As you know, I am a huge anime fan. I’ve referenced series in my music (insert shameless These Beats of Mine 2 plug here), my writing, and my everyday life. I have FUNimation Now and Crunchyroll subscriptions. Every time I call for my oldest, who’s nicknamed JoJo, I–in my head–sing a bit of “Sono Chi No Sadame.” All in all, that means I’m pretty well-versed to tell you the following.
Your love of anime isn’t the reason you’re not in a relationship or having the sexual relationships you want. Well, it can be, but that’s not the entire story.
Yes, anime have relationships that are unobtainable and sometimes straight-up mentally abusive. We could talk about this until we’re blue in the face. How many times have we seen a stoic character with no emotions walk out on their partner/person who loves them? How many times have we seen that person who loves said stoic character dote and stay devoted to them? Inuyasha, DARLING in the FRANXX, Naruto, DBZ, hell even parts of Hi Score Girl (which has done the romantic angle a lot better than most romantic plots in anime). That’s just off the top of my head.
If you’re basing your love life on characters in anime, you’re setting yourself up for failure. However, that’s not all.
No, blaming your lack of love life on anime is akin to people blaming video games for mass shooters. There’s a bit of a correlation (some shooters may play COD or Halo or whatever), but that doesn’t prove video games alone create mass shooters. People who love anime can have bountiful, successful relationships and sexual endeavors. I’m an awkward anime nerd and I have two amazing children.
Their mother, while not a huge fan, appreciates my love of the stuff.
My friends aren’t all anime fans, but we can have conversations about things not related to the newest ASTRA Lost in Space dub episode (if you’re not watching that series, do so).
As an anime fan, you already have that working against you in some folks’ eyes because of the connotations of being an anime fan. It’s mainstream, but it’s still not Game of Thrones mainstream. If you’re putting those toxic Sasuke character traits into your real life, you’re setting yourself up for failure. If you’re forcing your anime references, you’re setting yourself up for failure. If you’re trying to be an anime character in real life, you’re setting yourself up for failure. If you’re coming in hot AF on a person who has a teeny tiny bit of interest, you will scare them away.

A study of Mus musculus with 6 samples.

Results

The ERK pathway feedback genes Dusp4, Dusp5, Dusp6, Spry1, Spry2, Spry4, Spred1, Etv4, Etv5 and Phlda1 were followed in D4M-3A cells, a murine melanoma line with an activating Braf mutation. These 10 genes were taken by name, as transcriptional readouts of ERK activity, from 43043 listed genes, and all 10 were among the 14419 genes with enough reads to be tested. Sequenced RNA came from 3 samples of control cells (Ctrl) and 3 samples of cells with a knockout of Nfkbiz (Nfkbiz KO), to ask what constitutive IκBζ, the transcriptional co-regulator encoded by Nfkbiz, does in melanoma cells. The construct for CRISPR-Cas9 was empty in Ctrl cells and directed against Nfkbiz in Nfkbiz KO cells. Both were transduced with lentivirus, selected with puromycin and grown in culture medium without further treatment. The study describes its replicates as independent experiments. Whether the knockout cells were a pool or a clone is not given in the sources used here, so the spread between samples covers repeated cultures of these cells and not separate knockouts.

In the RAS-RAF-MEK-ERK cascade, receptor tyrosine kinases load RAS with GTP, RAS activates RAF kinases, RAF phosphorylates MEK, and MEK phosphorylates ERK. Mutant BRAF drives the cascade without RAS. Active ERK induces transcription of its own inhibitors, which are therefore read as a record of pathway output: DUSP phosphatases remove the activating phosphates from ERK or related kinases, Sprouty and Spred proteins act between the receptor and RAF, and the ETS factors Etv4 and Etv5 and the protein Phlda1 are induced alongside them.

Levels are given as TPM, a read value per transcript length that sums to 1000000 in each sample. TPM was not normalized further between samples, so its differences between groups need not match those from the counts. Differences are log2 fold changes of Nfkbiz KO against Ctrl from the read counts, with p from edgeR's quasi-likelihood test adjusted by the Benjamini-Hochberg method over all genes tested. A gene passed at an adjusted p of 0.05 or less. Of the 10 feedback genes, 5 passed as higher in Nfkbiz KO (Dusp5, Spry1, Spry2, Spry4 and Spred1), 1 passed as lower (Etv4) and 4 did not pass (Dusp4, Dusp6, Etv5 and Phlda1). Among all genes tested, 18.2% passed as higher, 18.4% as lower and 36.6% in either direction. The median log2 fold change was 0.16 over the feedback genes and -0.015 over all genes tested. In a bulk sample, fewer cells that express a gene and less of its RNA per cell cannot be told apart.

Here are some tips:
Play it cool.
Don’t force things and let the chips fall where they may. You can’t force love or sex, because that’s a whole other can of worms that should never cross your mind. If the person isn’t feeling your jokes or references, cool it out or move on. You don’t have to act aloof or what have you, but don’t come on stronger than you need to. There’s a balance in this game.
If they don’t like anime like that, don’t force it.
This is somewhat the same as the first tip, but it still must be said. Not everyone will share your interests. That goes for anime, sports, wrestling, music, art, etc. You can’t make someone like what you like. If they’re not feeling your FLCL tee, say “hey, this is important to me,” don’t harp on the issue, and find something you both do have in common.
I wanted to get a Gurren Lagann tattoo for my 31st birthday (I may still do it). If I were to become single, if asked about it, I wouldn’t go on and on about Kamina and Simon. That’s especially true if the person I talked to wasn’t into anime. I’d say “this is from an anime, it’s important to me because XYZ,” and then talk about something else. Everyone doesn’t have to like everything that you do.
Don’t be a creep.
This is probably one of the most important things you can learn. Don’t be a Mineta, plain and simple.
Don’t get discouraged. Learn from your failures.
Everyone strikes out in romance. Everyone. It doesn’t matter how many partners you’ve had or how long you’ve been in “the game,” we all miss. If you miss, use it as a learning experience and say “okay, that didn’t work here. Maybe it’ll work there.” Alternatively, use the rejection to evaluate your approach to your prospective partner.
Diversify your interests
This is simple. Like more than one thing. Your brain will thank me later.
These are but a few tips to potentially set you on your way to a more bountiful set of relationships. They’re not perfect, but they’re a start.